A foot inside The Cloud Club is like stepping through the looking glass. You half expect the Cheshire Cat to slink up the creaky stairs, past disassembled doll limbs and curving plaster walls. It’s the scene of a fantastical tea. The ultimate treehouse.

Mali Sastri, Jaggery frontwoman

Inside two simple South End brownstones is a conceptual artistic environment assembled from what others discard—the junk of back alley dumpsters or the sidewalk just before trash pickup–all melded into something functional and unique. It’s interior design outside the cash economy.

“We work from a need,” says Lee Barron, the 69-year-old outsider artist from Montana, who bought the place in 1973. He sips his beverage from a large, glass measuring cup. “If you have a need and you don’t have a chair, you see a chair in the street, but with no legs and no arms and no back. You’re still need-driven. So you start having an eye for what might fit your needs, and, low and behold, you tend to find it.”

Barron addressed this need by binding parts of three discarded chairs into one, using deer antlers to support its back. Years later, functional creations like this one fill his home—quite an improvement from the “shell” he bought for a mere $8,000. The house now acts as a creative haven (and performance venue) for a collective of artists like musician Mali Sastri, filmmaker  Michael Pope, writer Geeta Dayal and, for 11 years, Dresden Dolls frontwoman Amanda Palmer.

Watch Palmer’s 1999 Cloud Club interview with Barron here:

But Barron explains: “I don’t make things, they make themselves.” That’s his mantra. It’s never about producing something or turning out a product, but about letting creations develop at their own will.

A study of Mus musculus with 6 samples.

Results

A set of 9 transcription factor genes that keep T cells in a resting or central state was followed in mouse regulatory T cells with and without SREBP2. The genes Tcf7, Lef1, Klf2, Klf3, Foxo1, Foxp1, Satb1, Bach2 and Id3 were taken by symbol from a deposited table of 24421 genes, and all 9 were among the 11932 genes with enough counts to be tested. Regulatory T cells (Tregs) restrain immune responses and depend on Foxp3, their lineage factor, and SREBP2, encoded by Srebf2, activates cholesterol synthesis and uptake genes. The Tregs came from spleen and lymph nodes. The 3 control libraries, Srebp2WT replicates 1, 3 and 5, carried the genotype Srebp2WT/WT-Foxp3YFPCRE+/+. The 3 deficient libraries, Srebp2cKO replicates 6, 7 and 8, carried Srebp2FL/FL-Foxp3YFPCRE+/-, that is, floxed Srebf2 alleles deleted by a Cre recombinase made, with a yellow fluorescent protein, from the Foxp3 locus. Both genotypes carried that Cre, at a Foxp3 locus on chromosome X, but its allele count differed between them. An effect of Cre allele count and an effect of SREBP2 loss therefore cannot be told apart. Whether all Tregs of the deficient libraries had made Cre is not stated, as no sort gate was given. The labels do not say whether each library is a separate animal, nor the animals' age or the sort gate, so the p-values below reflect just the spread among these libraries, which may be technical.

“If the product becomes the subject then you’re no longer being an artist,” he says.

Take the giant tree trunk for instance that emerges right out of the floor on the building’s top level. Deer antlers are attached, so that it functions as a ladder to an elevated, tree house-like loft above. It’s like visiting the Swiss Family Robinson.

Barron cut the tree down himself (in the forest no less) and he’ll launch into the elaborate tale of how he pulled the whole act off:

“We chainsawed it and put one end on my friend’s lawnmower. I took the other end and we hobbled it out of the woods and to my old painted truck I had been living in and drove it to the Cloud Club and hoisted it through a hole in the wall that later became a window.”

But he says the truth of the matter is much simpler: “It happened because I needed it to happen.”

Still, there’s a huge chunk of the Cloud Club interior that errs outside of physical utility: contoured walls of plaster, soft to the touch with cutout holes to other rooms; a skylight straight to the moon (if you’re standing in the right spot); walls and ceilings covered in mirrors. While these interior innovations might not be “physical necessities,” Barron places them in the realm of aesthetic functionality.

“Maybe the room feels small to me or dark to me, there’s only two little windows on each end,” he says. “I have a need for the room to feel brighter, to pass the light around. I have a need for the room to feel larger. There’s a wall there, on the other side of the wall birds are chirping so why not put a window in that wall?”

The result:  an intentional blur of interior and exterior. There are windows in floors, holes in walls and a glass dome on the top floor that curves convexly into “outside space.” Conventional windows were removed and replaced with sliding glass doors that double the light flow and can be slid completely open during the summer months.

The only constant in this house is reconstruction—everything eternally growing, developing and assembling itself, with Barron as creator and self described “relentless improver.”

But Barron says that’s the fun of it all, and the real prize that comes with getting older.

“Everything’s just getting richer and richer because now they’ve had 20 years to write themselves,” he says. “Now you get the real goodies, you understand what to do with them, you’ve got the arsenal of art pieces to assemble, and they’re all assembling themselves constantly all dancing around at the house turning themselves into things.”